What Are Birthmarks & Its Different Types?



What Are Birthmarks?

A birthmark is a kind of spot or blemish on the surface of the skin. It is mostly noticeable at the time of birth, hence the name birthmark. In some infants, a birthmark may appear a few days after birth.

Most newborns have a vascular birthmark. It is the pink, red or even purple blemish or spot that appears due to an abnormal blood vessel that lies just under the surface of the skin. Some newborns also have a pigmented birthmark at the time of birth. A pigmented birthmark is mostly brown in color. It appears due to the clustering of various pigment cells. Doctors and skin experts are yet to ascertain the exact cause of birthmarks.

What Are The Different Types Of Birthmarks?

Here are some of the most common types of birthmarks:

1. Café Au Lait Spot:

As the name suggests, a café au lait spot birthmark is light brown or milky in color. It is mostly oval in shape and can be either present at the time of birth or may show up a few days or a couple of weeks after your baby’s birth. Some newborns may have one or more café au lait spot birthmarks at the time of birth. As your baby grows up, this particular type of birthmark will not fade away.

If your baby has more than four café au lait spot birthmarks, it could be an indication of an underlying neurofibromatosis condition. It is a condition in which the nerve tissue of your baby has a neurofibromas (tumor) growth. The condition is mostly genetic. In some cases, it can be harmless. It can be a dangerous condition if it presses nerves or other tissues.

2. Congenital Melanocytic Nevus:

Almost one percent American infants have a congenital melanocytic nevus birthmark. It is a mark or blemish that can appear on any part of your newborn’s body. Almost 15 percent of newborns who have a congenital melanocytic nevus birthmark have it either on their head or neck. If the newborn has a light skin tone, the birthmark may be brown in color. If the newborn has a warm skin tone, the birthmark may appear to be almost black.

The congenital melanocytic nevus birthmark can be of any shape. It can be flat and irregular in shape, or it can even be a lumpy and raised growth. Such birthmarks on newborns skin look almost like bigger black or brown moles. Once your baby starts growing up, this particular type of birthmark will reduce in proportion. It can sometimes get darker with age and may also become hairy when your child attains puberty. The risk of cancer associated with this type of birthmark is usually low, but in case it is of a large size and does not diminish with age, it can turn malignant.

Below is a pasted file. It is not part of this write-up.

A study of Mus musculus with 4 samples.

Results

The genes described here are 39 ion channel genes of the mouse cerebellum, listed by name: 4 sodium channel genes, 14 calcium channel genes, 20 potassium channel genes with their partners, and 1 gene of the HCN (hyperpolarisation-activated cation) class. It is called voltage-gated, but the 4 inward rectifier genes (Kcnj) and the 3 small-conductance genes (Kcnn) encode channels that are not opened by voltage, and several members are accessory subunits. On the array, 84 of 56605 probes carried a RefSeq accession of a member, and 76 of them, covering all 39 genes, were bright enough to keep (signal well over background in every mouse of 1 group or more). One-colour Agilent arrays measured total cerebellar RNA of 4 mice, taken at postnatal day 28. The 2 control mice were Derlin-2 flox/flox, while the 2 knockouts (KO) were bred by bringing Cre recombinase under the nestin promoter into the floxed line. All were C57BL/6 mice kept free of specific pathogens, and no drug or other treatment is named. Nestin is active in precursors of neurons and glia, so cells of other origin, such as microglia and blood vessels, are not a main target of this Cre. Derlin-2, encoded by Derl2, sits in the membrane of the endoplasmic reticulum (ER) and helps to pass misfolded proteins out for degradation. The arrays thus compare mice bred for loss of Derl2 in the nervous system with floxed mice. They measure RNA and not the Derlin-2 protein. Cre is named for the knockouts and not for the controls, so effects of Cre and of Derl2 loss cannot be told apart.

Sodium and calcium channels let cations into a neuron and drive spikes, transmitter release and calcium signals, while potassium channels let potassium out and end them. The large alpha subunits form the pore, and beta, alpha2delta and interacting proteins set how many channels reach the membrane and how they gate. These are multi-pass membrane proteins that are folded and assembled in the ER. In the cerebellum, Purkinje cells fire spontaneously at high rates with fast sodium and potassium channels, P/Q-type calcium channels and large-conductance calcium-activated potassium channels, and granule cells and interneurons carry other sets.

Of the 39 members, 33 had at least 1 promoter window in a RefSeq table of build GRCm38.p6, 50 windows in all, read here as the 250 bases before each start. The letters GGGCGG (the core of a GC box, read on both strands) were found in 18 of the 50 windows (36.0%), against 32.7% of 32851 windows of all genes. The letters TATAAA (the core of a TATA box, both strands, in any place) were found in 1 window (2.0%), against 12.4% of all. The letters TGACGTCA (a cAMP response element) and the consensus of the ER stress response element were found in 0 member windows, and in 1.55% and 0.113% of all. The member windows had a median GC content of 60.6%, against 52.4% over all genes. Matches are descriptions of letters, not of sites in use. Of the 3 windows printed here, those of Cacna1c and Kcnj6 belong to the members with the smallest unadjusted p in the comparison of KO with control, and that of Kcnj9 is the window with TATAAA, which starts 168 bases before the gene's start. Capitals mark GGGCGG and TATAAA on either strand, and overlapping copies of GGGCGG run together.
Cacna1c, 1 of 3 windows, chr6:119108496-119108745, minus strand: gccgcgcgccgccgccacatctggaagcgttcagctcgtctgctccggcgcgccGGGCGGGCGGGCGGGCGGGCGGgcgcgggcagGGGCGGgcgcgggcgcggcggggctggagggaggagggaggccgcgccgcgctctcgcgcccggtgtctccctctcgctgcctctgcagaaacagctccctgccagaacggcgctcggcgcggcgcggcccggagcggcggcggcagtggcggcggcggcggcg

3. Mongolian Spots:

The birthmarks are mostly present in newborns who have a warm skin tone. In most cases, this type of a birthmark looks like a bruise mark and can be seen on your baby’s hip area or the lower back. By the time your baby will reach the age of four, this birthmark will fade away. The Mongolian spots birthmarks are completely harmless.

4. Hemangiomas:

The hemangiomas type of birthmark is usually like a red and raised mark, often referred to as a strawberry mark. At the time of your baby’s birth, the mark may be relatively small and flat. In some cases, the mark can grow very fast during the first four to five months of your baby’s life, after which it stops growing further. In most cases, the strawberry mark birthmark fades away eventually. Sometimes, the area where the birthmark appears may become stretchy or even deformed if the mark is quite large.

5. Telangiectatic Nevus:

The telangiectatic nevus birthmark or salmon patch or stork bite appears due to the expansion of capillaries in your baby’s body. The birthmarks on baby’s skin are like small patches of red skin. If your baby has the mark as a salmon patch on the face, it is known as an angel kiss. If your baby has the birthmark on the back of the neck, it is known as a stork bite. If your baby has an angel kiss birthmark, it will usually fade away during his early childhood. In some cases, however, it can show up if your baby is crying. The stork bites may stay for life, but in most cases they get covered over with hair.

6. Port Wine Stain:

As the name suggests, a port wine stain birthmark is like a purple or red spot that mostly appears on your newborn’s face. It can also appear on any other part of your baby’s body due to a leaking blood vessel. The spots can vary in size from a few millimeters to several centimeters.

In case you do not get the port wine stain birthmark treated, it could become dark in color as your baby grows up. Almost ten percent of babies who have such a birthmark have it in the eyelid area and might require additional monitoring or treatment, especially if the doctor suspects any chance of a brain abnormality.

7. Silvermark:

It is a hereditary birth spot and is like a silver streak of hair. It mostly appears on the left or right side of the baby’s face where the forehead and the hairline meet.

If you are worried about your baby’s birthmark, do speak to your baby’s doctor about it.

Which of the above birth mark does your baby have? Did you discuss it with your baby’s pediatrician? Did he advise any treatment? Please share your experience with other moms here.